Published on November 6th, 2015 | by The Beige Baron0
One fast-ascending star in the space-rock universe is Melbourne’s Seedy Jeezus. Filtering Sabbath riffage through a kaleidoscope of vintage prog and psych influences, these heavy-hitters wowed European audiences during a recent tour of the continent.
Last March, Seedy Jeezus recruited Tony Reed from U.S. band Mos Generator to capture a live performance at The Tote in Melbourne, and this slab of psychedelic stoner has already sold out.
For the European tour, the band wanted spice up the merch table with something fresh, so they hit Melbourne’s OneB Studio and laid down the 16-minute epic Echoes in the Sky. The etched 12” vinyl record launches officially at a Yah Yahs in Fitzroy on November 20 with Wicked City, Hotel Wrecking City Traders, and A Basket of Mammoths supporting.
“I always wanted to do the space-jam thing like White Hills, Causa Sui, Sula Bassana, and Earthless,” bassist Paul Crick told BNU. “Lex, our guitarist, loves Earthless and loved the idea. We recorded Echoes in the Sky at Studio OneB in Melbourne’s northern suburbs and they gave us a good deal on the price, so we could just go there and do what we wanted for as long as we wanted. We did some standard songs and some jams and then listened back to them. Lex did some hard edits and Andrew Day mixed them.
Lex is fuckin’ awesome in that you can play something and he can just deliver the goods
“When Echoes came back to us, it was so Pink Floyd, Lex and I looked at each other and went, fark! It’s so good, but so different to the first album. I guess we are not scared of progress or change in the way we sound, as we like so much different stuff as individuals in a band. It suited us to put this out, as the next album will have some major variance from the first album. Yes, some driving shredding songs, but probably some crazy, spacey head-fuck shit too.”
Opening in a haze of bong smoke, the more structured first movement does sound like Sabbath covering something with a similar chilled out vibe to Pink Floyd’s Green is the Colour, but the mushrooms soon kick in and it dives down the rabbit-hole, hard-grooving bassline and reverb guitar over a cruising ride, slowly gathering speed until it explodes in a full-on cosmic meltdown.
“Lex had the basic idea for the first part of the track, I guess the ‘song’ bit, and I had the bass riff for the second jam bit. Lex is fuckin’ awesome in that you can play something and he can just deliver the goods, you know, ‘Thinkin Man Guitar’. He just closes his eyes and the most amazing stuff travels to his hands and comes out of his amp.”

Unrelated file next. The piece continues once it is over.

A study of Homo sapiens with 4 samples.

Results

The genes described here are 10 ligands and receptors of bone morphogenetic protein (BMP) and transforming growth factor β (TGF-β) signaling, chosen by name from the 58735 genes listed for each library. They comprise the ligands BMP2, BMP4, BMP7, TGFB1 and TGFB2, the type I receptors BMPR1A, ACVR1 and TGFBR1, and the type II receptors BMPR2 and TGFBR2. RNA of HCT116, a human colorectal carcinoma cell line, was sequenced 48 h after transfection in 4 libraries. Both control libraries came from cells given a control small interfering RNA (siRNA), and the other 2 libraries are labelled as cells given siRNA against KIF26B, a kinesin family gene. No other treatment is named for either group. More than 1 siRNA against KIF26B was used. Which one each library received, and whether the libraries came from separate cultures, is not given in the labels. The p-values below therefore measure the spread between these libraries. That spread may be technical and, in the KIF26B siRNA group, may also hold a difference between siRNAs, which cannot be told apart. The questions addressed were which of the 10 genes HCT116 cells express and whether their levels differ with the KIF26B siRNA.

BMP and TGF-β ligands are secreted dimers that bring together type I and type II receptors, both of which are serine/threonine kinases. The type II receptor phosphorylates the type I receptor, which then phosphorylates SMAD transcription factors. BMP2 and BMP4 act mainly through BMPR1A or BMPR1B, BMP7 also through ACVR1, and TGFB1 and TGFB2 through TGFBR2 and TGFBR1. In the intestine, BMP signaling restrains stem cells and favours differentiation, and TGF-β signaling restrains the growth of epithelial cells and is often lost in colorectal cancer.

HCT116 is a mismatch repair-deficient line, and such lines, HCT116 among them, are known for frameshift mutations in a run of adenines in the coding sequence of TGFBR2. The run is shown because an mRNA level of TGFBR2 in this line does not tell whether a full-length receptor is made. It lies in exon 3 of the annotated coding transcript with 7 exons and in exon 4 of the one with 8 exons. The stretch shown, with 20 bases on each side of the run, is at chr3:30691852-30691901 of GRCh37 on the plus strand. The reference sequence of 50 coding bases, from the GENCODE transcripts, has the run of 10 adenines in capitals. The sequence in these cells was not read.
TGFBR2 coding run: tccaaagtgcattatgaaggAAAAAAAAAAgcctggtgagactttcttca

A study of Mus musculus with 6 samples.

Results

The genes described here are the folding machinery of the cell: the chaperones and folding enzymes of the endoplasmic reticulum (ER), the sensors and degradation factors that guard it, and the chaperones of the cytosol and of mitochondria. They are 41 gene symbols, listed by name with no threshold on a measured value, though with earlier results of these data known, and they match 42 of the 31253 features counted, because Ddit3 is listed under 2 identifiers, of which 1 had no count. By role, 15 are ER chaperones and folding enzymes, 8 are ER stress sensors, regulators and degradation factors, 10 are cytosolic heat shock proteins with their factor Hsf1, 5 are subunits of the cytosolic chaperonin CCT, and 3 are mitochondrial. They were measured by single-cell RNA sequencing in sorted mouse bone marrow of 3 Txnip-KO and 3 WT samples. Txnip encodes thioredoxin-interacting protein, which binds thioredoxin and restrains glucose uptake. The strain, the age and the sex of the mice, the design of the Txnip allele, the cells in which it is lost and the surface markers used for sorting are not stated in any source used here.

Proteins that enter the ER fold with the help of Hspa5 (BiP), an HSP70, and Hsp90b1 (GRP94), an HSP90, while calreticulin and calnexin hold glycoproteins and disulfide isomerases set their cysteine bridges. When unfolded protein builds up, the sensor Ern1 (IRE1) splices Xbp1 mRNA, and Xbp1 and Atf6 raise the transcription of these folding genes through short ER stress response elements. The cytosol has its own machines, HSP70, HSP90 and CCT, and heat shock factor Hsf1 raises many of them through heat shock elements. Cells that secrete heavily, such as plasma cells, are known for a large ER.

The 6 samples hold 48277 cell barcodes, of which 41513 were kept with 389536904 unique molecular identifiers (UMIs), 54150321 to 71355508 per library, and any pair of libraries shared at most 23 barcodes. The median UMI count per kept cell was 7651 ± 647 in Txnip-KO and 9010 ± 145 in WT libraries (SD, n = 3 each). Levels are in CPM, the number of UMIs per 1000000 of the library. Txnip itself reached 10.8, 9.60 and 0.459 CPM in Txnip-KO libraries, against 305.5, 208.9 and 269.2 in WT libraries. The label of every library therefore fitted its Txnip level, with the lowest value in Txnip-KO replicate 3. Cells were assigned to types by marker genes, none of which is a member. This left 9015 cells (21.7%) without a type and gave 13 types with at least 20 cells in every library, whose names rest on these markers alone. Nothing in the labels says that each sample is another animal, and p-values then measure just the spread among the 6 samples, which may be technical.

A comparison to Earthless’s guitar sound is inevitable for this particular track at least. Were they an inspiration?
“Lex and Isaiah are good buddies. We caught up with them in Germany and again when they were over here in Oz. As guitarists, they love old-school ZZ Top. Dudes that love that stuff are friends forever!
“I don’t think Lex is inspired by Isaiah in that kind of way, but I do know that both of them would have been those types of guitarists that just played guitar all the time when they were growing up, listening to Hendrix and just being obsessed with what was happening in the guitar world in general. Eighties metal, prog rock, everything!
“Lex again is the graphic boffin! He has ADHD and will sit up all night tinkering. With his design style and the rest of the bands ideas we can usually give birth to some new direction or idea.”
What is exciting musically in Australia right now, and where does Seedy Jeezus fit in?
“When we were over in Europe, people were excited about the growing number of Australian bands getting exposure over there. Bands like us, Child, and Dead City Ruins are getting more popular and are getting greater exposure, and this is providing Aussie bands with other places to perform and sell records.
“From my point of view, the number of international bands coming to Australia is probably decreasing as the Australian dollar goes down against the U.S. But on the other hand, the quality of Australian bands is at an all-time high.
“TTTDC, Fuck the Fitzroy Doom Scene, Child, Witchskull… It’s the rise of a type of music that is blurring the lines between genres in response to the music-consuming public becoming more educated.
“This might be one outcome of torrenting, where people can listen to a greater range of genres and thus bands can fit into these blends between genres and the audience is not just into metal or punk or thrash. It makes for a more interesting music scene where shows don’t have to be genre specific.
“I hope Seedy is part of this.”
Seedy Jeezus launch Echoes in the Sky (out on Blown Music in Australia/NZ, Lay Bare Recording in Europe) at Yah Yahs on November 20 with help from Wicked City, Hotel Wrecking City Traders, and A Basket of Mammoths. Click here for gig info, follow on Facebook, or pick up an album on Bandcamp.